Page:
In Munchkin, what is the logic behind the rule of carry and equip items? What is the difference between carry and just keep the card in your hand? It is not simplier keep in hand and not use the carry rule?
You equip items so you can get their benefits.
But there are restrictions to what you can equip. You can't equip items for which you don't have the required free body slots (e.g. hand). You can't equip items for which you don't meet race and class requirements. You can't equip "use only once" items.
You keep items you can't equip in your hand to protect them from traps and thieves, and to hide what they are from other players.
But there are limits to one's hand size.
You carry items you can't equip and won't fit in your hand to avoid having to discard them, or worse, having to give them to another player through the charity rule.
Note that you might hold back from equipping an item in your hand if you think you might lose it (e.g. to a thief, especially one at level 1), but there's virtually no reason not to equip something you can equip if you're currently carrying it.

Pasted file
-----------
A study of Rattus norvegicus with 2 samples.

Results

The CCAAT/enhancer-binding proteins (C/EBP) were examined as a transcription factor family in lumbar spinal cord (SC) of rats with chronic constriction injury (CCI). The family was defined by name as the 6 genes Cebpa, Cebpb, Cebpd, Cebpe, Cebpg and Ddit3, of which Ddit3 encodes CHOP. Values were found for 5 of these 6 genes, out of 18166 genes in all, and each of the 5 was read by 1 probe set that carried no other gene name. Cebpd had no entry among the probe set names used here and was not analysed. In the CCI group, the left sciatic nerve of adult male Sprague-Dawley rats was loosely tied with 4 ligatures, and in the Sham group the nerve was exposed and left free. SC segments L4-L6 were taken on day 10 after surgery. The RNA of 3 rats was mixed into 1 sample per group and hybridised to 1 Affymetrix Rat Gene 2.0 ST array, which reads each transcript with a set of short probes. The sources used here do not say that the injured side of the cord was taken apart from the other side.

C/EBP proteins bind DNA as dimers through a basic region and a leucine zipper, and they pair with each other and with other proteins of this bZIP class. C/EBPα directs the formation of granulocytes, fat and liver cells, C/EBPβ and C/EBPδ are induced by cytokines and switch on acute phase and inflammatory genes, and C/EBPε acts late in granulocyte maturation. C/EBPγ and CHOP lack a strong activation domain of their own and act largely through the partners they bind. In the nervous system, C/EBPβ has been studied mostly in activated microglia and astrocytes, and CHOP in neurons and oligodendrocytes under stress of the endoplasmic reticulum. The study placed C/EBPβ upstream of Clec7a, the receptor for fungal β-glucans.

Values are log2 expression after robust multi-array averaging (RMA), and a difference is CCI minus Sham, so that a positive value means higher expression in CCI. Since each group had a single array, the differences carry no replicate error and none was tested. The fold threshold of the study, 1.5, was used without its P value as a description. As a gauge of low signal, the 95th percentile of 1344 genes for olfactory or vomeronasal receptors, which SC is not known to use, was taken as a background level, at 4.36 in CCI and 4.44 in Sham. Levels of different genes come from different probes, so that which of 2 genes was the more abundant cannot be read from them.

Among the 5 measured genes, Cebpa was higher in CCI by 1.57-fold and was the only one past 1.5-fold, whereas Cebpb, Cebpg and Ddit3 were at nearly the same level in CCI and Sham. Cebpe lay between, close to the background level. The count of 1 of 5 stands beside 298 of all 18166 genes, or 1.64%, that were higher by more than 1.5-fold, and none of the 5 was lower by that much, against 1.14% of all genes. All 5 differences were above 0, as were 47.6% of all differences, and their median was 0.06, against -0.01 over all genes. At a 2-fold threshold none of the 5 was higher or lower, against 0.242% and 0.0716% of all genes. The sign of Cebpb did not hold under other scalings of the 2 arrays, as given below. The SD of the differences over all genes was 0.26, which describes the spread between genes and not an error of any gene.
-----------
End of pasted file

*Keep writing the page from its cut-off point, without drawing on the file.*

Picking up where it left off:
Further to what the other answers have pointed out, you can only trade items that are in play, not items in your hand. Therefore you must first (legally) play an item to the table, either equipped or carried, before you can trade it with another player.
As one can only play an item (Update - other than one-shot items, which can be played from your hand when in combat.) from your hand either upon receiving it or during your turn when not in combat one might also play an item as carried in order to trade it during another player's turn, before your turn comes around again.
If it prevents you from having more than 5 cards in hand, you avoid the charity rule, requiring that you discard down to 5 cards in hand by donating the remainder to the lowest level player or the discard pile, at the end of your turn.
The ability to carry items, allows you to build a stock of items beyond those you are able to equip, whether restricted by class limitations or available body slots. For example, short an item providing additional hands, you only have two; you can only equip 1 two-handed item, or 2 one-handed items.